Lincoln Park Preschool Proposal Delayed After CPS Doesn’t Submit Neighborhood Traffic Study To City Board

Chicago Public Schools plans to open two preschools in Lincoln Park. Neighbors of one are concerned about increased traffic and say a district study done during the pandemic isn't sufficient.

Chicago Public Schools is planning to open two new early learning centers in Lincoln Park as part of the city's public universal preschool expansion plan. Neighbors at the adjacent Hemingway House expressed concerns about traffic, parking and their property values being affected by the new school. The building is photographed on March 16, 2021.
Colin Boyle/Block Club Chicago

The city’s Zoning Board of Appeals was set to vote on the two schools — one a new preschool at 1840 N. Clark St. and the second an annex of Alcott Elementary School planned for 610 W. Schubert Ave. — during its Friday meeting. But district officials never gave board members a copy of the first school’s traffic study, which was a point of contention among neighbors who opposed the project.

The board members pushed back its planned vote to its May 21 meeting so they have time to review the study, Chair Timothy Knudsen said.

“I don’t see any way we can take a vote on this today without seeing the traffic study,” Knudsen said. “We’re dealing with a big community objection here, and a continuance of some format is going to give everyone time to know what we’re looking at.”

The first school’s plan includes reconfiguring a vacant office building at 1840 N. Clark St. into a preschool with 10 classrooms, each about 1,000 square feet with its own bathroom and storage area, officials said.

It’s expected to serve about 200 students with class sizes reaching about 20 students for every teacher and teacher’s assistant, officials said. The school would also have a front office, multi-purpose room, a food-prep space and a playground, which will be available for public use around school hours, officials said.

But residents of the Hemingway House, which is north of the school’s would-be building at 1850 N. Clark St., argued the traffic study the district did in October was inaccurate. They said it was analyzing traffic patterns during a stage of the pandemic when many businesses were closed and people were advised to stay home.

Neighbors also raised concerns about the traffic congestion that would be created by the school’s daily dropoffs and pickups.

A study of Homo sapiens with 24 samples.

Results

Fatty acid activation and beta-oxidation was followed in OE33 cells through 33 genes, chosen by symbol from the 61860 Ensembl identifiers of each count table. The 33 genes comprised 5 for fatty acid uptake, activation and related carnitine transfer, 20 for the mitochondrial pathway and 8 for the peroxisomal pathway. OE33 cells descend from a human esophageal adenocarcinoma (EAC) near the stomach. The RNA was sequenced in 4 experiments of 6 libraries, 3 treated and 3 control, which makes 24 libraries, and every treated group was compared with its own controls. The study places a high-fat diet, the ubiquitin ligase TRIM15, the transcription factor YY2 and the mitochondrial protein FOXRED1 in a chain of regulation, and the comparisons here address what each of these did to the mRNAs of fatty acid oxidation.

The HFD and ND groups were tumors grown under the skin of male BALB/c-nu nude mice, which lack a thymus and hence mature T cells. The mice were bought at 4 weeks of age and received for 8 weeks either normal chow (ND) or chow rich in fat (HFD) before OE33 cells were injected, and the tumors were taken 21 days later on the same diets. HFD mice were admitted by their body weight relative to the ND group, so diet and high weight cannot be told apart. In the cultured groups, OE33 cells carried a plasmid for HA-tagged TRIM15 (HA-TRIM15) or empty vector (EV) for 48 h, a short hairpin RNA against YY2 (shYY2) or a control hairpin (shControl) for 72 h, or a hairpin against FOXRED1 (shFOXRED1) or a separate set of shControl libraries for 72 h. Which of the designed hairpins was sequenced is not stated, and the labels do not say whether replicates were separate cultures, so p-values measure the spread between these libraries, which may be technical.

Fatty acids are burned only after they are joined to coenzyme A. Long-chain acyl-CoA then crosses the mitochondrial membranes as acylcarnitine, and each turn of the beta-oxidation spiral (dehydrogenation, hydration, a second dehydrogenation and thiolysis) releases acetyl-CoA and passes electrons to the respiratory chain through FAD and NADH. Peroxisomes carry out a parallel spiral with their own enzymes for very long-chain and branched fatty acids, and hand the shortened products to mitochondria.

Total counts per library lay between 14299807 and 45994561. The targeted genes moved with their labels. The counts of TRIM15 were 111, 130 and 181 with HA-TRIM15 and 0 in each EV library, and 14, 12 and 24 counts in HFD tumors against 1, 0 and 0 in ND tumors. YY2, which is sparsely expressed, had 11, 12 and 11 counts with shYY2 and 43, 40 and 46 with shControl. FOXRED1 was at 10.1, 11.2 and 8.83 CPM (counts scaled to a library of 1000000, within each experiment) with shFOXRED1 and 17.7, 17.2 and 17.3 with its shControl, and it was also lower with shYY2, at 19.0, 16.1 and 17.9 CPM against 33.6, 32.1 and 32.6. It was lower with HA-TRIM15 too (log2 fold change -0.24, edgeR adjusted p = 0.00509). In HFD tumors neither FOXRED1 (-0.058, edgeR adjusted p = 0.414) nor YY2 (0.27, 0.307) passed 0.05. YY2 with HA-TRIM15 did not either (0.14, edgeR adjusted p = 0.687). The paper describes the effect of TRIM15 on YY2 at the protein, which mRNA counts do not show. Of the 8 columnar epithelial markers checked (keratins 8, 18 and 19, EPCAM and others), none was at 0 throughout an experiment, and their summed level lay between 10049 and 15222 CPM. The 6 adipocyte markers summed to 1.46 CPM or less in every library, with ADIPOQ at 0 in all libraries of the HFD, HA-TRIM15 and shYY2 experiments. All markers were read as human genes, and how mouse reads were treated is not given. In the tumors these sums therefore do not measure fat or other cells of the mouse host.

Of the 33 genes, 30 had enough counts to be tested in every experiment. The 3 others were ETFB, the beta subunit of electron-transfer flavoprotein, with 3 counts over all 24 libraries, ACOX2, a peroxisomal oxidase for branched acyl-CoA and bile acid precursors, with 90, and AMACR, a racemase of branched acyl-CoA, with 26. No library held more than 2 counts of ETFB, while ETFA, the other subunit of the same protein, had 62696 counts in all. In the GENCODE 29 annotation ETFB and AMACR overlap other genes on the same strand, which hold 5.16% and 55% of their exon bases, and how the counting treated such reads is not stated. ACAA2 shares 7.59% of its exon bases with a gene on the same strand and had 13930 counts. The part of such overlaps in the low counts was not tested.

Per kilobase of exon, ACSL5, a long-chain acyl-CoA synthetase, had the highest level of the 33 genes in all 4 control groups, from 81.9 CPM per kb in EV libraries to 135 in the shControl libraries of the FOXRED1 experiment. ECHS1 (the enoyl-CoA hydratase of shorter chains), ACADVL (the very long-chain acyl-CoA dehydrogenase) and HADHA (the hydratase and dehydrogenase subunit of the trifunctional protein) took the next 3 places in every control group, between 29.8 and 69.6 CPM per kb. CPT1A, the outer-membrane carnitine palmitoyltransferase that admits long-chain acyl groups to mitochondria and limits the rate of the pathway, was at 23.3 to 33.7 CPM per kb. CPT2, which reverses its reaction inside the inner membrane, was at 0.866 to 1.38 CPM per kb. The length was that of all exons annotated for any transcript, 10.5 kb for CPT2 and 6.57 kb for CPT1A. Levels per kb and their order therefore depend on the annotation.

“Our building has many objections related to traffic congestion with 200 students coming to this school every day, twice a day,” said Athena Farmakis, president of the Hemingway House’s condominium association.

CPS representatives said the numbers in their traffic study were adjusted to accommodate for the pandemic, and they said the school had worked out an efficient “kiss-and-go” system for dropoffs that would keep drivers moving.

Ald. Michele Smith (43rd), whose ward includes the schools’ planned locations, said she was “shocked” CPS hadn’t provided the zoning board with its traffic study.

“Under the circumstances here, CPS has not done what they need to do to empower this commission to make a full review of the topic, so I agree we should do a continuance for a month,” Smith said.

Credit: Jake Wittich/Block Club Chicago
Chicago Public Schools hopes to convert the building at 610 W. Schubert Ave. into a six-classroom preschool for Alcott Elementary School.

The second school — less than a block from Alcott Elementary — will serve 120 4-year-olds across six classrooms, district officials said. It was approved by the zoning board with support from Smith and no opposition from community members.

“This exact location was approved to be a private school several years ago, but it didn’t happen for whatever reason,” Smith said. “So the community has had the chance to vet this location for school purposes in the past, and this preschool will be a wonderful annex to Alcott Elementary School.”

That school proposal will now go before City Council for final approval.

The two schools are part of the city’s promise to bring full-day preschool to every 4-year-old interested in enrolling in Chicago by the end of 2024. To accomplish that goal, the city needs a little more than 18,000 full-day preschool seats.

So far, the district is about 2,160 seats from that goal, including 360 seats in Lincoln Park, which will be covered between the two new schools, officials said.

Jake Wittich is a Report for America corps member covering Lakeview, Lincoln Park and LGBTQ communities across the city for Block Club Chicago.